Planting Forest Here to Celebrate Life

Planting Forest Here to Celebrate Life

I grew up in a small village in northeast France, where thick forests of pine trees, weeping willows, oaks and fragrant linden trees were everywhere. 

My grandparents moved there from Luxembourg, bought a small piece of land and built their family home. They started a large garden on the other half of the land they had bought, which was located on the other side of a small river running along the back side of the house. 

Kids got married and had children. With the birth of every grandchild, a tree was planted in the garden. Almost 50 years later, most of these trees remain. 

Twenty years ago, I moved from Paris to the Bay Area. When my son was a year old, I moved to Alameda and bought a small fig tree of my son’s age. After a couple of moves, the tree was planted in our backyard. Now more than 6 feet tall, it has outgrown everything around it, just like my son.

Planting trees when children are born is an incredibly powerful ritual to celebrate life. And so is the reverse: planting a tree when someone you love, just died. 

When my mother-in-law died a few years ago, a friend gifted us with planting trees in the Chippewa Forest of Minnesota. After that, I decided planting trees was going to be my ritual, in lieu of the traditional flower arrangement. 

There is something deeply comforting in passing on the memory of someone you love to another living being. In the process, one gets to turn someone’s death into a new life. The idea is so simple it’s hard to believe it is not part of our common practices. Instead, we buy flowers — they die. It’s like we double down on the passing. When we plant a tree instead, we get to channel the memory of a person and celebrate their life. All life.

Lately, it seems grief has taken on a new meaning. It encapsulates not only the loss of lives but also the loss of a lifestyle and our freedoms. Celebration is now found in simple joys, like helping neighbors, making bread or planting seeds. Who hasn’t felt the urge to put their hands into soil, and give life to growing something good lately?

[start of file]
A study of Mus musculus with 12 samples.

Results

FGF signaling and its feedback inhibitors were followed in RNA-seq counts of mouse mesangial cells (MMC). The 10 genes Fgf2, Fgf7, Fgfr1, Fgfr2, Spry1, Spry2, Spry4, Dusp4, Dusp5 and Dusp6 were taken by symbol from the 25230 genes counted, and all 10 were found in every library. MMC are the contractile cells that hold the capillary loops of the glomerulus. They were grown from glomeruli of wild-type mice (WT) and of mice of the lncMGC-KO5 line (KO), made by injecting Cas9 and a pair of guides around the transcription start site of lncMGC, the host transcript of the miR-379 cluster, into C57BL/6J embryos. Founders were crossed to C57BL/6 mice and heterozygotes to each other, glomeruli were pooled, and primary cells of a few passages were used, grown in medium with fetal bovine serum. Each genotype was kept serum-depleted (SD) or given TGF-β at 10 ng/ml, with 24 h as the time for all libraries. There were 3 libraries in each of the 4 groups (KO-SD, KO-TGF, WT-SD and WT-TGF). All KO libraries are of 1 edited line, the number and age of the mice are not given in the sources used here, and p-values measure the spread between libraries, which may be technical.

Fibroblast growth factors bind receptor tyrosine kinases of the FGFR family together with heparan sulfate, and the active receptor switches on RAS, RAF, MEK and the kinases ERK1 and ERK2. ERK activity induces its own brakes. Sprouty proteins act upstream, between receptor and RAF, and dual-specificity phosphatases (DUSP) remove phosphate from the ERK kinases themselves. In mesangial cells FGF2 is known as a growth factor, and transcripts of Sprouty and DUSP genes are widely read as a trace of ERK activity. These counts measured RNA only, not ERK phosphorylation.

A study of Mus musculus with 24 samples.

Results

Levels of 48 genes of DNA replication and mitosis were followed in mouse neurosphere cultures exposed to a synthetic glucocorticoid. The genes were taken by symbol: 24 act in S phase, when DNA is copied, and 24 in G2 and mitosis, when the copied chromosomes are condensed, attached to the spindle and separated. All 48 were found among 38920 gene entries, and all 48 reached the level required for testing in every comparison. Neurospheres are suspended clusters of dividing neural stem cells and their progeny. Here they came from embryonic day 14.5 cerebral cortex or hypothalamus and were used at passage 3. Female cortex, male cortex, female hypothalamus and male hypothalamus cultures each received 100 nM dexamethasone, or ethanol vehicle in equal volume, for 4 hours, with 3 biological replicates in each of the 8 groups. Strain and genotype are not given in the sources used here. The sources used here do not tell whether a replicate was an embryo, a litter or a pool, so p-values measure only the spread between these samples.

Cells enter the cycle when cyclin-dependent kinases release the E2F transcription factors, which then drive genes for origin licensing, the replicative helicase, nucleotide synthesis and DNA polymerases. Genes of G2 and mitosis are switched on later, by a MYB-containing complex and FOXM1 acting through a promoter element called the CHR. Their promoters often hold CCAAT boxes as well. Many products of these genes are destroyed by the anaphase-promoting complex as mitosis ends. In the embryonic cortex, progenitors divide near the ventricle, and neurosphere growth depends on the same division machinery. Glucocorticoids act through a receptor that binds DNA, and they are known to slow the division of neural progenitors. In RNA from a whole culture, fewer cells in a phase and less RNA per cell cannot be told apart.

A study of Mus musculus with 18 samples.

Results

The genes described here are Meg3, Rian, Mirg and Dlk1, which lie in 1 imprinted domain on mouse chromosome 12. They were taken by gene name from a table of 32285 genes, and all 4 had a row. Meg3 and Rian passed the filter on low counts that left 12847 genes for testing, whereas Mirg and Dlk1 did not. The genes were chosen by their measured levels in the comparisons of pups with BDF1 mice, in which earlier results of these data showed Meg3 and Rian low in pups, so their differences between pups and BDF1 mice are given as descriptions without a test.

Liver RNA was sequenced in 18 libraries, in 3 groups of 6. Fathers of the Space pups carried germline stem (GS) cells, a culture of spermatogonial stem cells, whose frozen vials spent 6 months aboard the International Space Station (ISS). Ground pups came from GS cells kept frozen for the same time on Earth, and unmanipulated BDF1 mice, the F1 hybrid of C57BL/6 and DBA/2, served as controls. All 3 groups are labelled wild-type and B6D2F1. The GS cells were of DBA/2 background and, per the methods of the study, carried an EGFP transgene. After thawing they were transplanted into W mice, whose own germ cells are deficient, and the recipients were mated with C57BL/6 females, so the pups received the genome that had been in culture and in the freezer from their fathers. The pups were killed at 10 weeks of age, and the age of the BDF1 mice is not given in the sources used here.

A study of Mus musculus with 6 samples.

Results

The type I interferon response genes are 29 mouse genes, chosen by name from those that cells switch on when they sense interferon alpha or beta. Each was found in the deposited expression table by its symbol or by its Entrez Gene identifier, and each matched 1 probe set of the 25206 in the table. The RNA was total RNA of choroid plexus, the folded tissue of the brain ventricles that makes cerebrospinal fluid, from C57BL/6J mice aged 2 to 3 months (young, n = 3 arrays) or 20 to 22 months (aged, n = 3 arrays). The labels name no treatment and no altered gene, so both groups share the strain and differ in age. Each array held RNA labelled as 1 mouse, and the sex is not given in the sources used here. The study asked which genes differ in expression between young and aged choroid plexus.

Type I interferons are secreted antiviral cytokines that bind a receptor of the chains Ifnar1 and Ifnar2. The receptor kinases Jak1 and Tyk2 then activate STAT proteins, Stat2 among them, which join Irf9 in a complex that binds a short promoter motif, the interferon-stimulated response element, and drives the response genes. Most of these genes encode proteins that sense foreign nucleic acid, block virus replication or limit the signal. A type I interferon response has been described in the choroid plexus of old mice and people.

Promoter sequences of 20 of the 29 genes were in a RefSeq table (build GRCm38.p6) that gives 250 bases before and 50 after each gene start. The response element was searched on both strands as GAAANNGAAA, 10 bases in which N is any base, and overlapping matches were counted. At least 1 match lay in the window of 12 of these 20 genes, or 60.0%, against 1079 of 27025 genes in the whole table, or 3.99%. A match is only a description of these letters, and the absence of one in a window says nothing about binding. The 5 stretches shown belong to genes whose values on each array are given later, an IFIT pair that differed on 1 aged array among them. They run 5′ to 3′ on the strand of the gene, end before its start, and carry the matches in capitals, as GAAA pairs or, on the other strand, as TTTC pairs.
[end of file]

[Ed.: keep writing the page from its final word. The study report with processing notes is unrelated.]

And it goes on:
A few months ago, I joined a local tree planting initiative: 100K Trees for Humanity. The project intends to preserve mature trees and plant new ones. Today, the idea of planting trees has gained new meaning and power. Planting a tree helps us through so many layers of grief and joy and hope, just as it provides a venue for self care. So here is a thought: what if we created a grove, or several, to celebrate the life of those we love? Babies being born, people passing. 

What if we used sites that are currently unused? Doolittle Landfill, aka Mount Trashmore, being one possibility. The dream is within reach. Working with the Parks and Recreation Department and the City of Alameda, we can plant a forest of trees to celebrate life on the landfill site and secure the infrastructure to irrigate the trees. We can dedicate stewards to care for the trees with 100K Trees, enable families who can easily fund the purchase of the trees to plant and support local nurseries in doing so.

By planting trees now, we honor all life and that of the people we cherish. We also restore habitat, enrich the soil, provide shade and capture carbon from the air. 

We also bring back what used to be the essence of Alameda when it used to be one of the nation’s largest coast live oak forests. Now, more than ever, is that time to plant a tree, to plant a forest for life.


Ingrid Ballmann is an Alameda resident.